Citysong at the Abbey: Open heart surgery on Dublin city
Citysong is a tender lovesong to Dublin's spirit, says Emer O'Kelly
There's an element of car crash in Dylan Coburn Gray's Citysong at the Abbey, in co-production with London's Soho Theatre, and touring to Galway Arts Festival.
Little more than 90 minutes long, it traces three generations of a Dublin family through a single day, with members of each of the generations recalling parts of their pasts, living their presents and anticipating their futures (sometimes fearfully), played out over a narrator's voice. Confusion is inevitable.
The play begins, conventionally enough for such a study, with a late-night taxi driver observing the city centre as it beats around him, from the lovers "doing it" in his back seat to what's going on in the streets outside.
We move to a labour ward in "the bad old days", with women as baby machines, and with dark remembrances of friends and fellow patients who didn't, or whose babies didn't, survive the experience. All human life is there, as the tabloids used say.
Perhaps the most touching scenes are those featuring a grandmother coming to the end, her short-term memory blurred (she can't differentiate between her grandson and her carer) but recalling her happier days when sex was initiated with "Would you like a kiss?" And even when intimacy was threatened after the loss of a child through miscarriage, love remained. It's beautifully drawn and acted.
All the cast are quite splendidly nuanced in their various characters. Director Caitriona McLaughlin is seamlessly at one with the author - though that may be a fault, as a slightly slower pace would be less impressionistic and leave time for absorption.
Sarah Bacon's set is fascinating: a fragmented and dark mirror, a cross between a map of Dublin and an explosion of dreams. It is lit by Paul Keogan's mood lighting and the mood music is by Adrienne Quartly.
"The world is changing and people want to hear stories about women like me," Kiah Ronaldson's Maud Gonne MacBride confides at the start of Annie Keegan's Gonne at the New Theatre in Dublin.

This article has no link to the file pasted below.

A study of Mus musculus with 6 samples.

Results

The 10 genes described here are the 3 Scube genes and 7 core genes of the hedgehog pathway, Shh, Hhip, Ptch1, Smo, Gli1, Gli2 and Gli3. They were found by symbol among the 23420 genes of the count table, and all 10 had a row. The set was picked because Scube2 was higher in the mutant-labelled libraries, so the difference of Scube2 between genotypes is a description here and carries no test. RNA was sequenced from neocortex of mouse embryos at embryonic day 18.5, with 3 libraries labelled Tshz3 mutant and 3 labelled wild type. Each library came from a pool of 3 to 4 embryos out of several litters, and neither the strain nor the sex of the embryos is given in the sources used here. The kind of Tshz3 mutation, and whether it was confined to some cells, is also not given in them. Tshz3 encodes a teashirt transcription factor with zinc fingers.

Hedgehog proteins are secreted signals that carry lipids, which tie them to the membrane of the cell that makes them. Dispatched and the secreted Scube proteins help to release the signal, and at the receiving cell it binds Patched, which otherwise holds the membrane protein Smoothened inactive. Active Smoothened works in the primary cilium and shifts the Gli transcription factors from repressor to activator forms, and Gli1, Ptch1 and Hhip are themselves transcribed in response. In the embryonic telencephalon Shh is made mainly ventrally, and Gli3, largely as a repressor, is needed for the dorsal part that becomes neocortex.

It's 'woman as persecuted and silenced victim' again. But there's never been any lack of stories about the self-styled revolutionary who was also the lifelong muse of WB Yeats.
As is common nowadays, it's suggested she was unfairly overshadowed by Willie and without his malignantly selfish shadow she would have been a major writer. Wrong: she would barely have been a dot in history were it not for her reflection through Yeats.
The premise is that the characters use modern idiom (intrusive and ugly in its usage of US TV-induced language) and send up Yeats as self-obsessed, vain and bombastic, literally pushing him off-stage each time he tries to muscle in on the action. No harm in that: it's a fairly accurate depiction of the man. It could also, some might say, be a fairly accurate description of his muse.
It's also presented as high comedy, with a final whinge from Maud as to how unappreciated she's been all her life. (That's supposed to be the serious bit.)
Unfortunately, the funny bit isn't funny, with the three actors (there's also Simon Geaney as Yeats and Aoibhin Murphy as both Augusta Gregory and John MacBride) mostly shouting and pulling faces - that's not acting. It's enthusiastic, but juvenile.
There is no company credit, and while the group may become talented actors in the future, it's not on display here. Nor is there the rigour of good direction, which is by Grainne Holmes Blumenthal.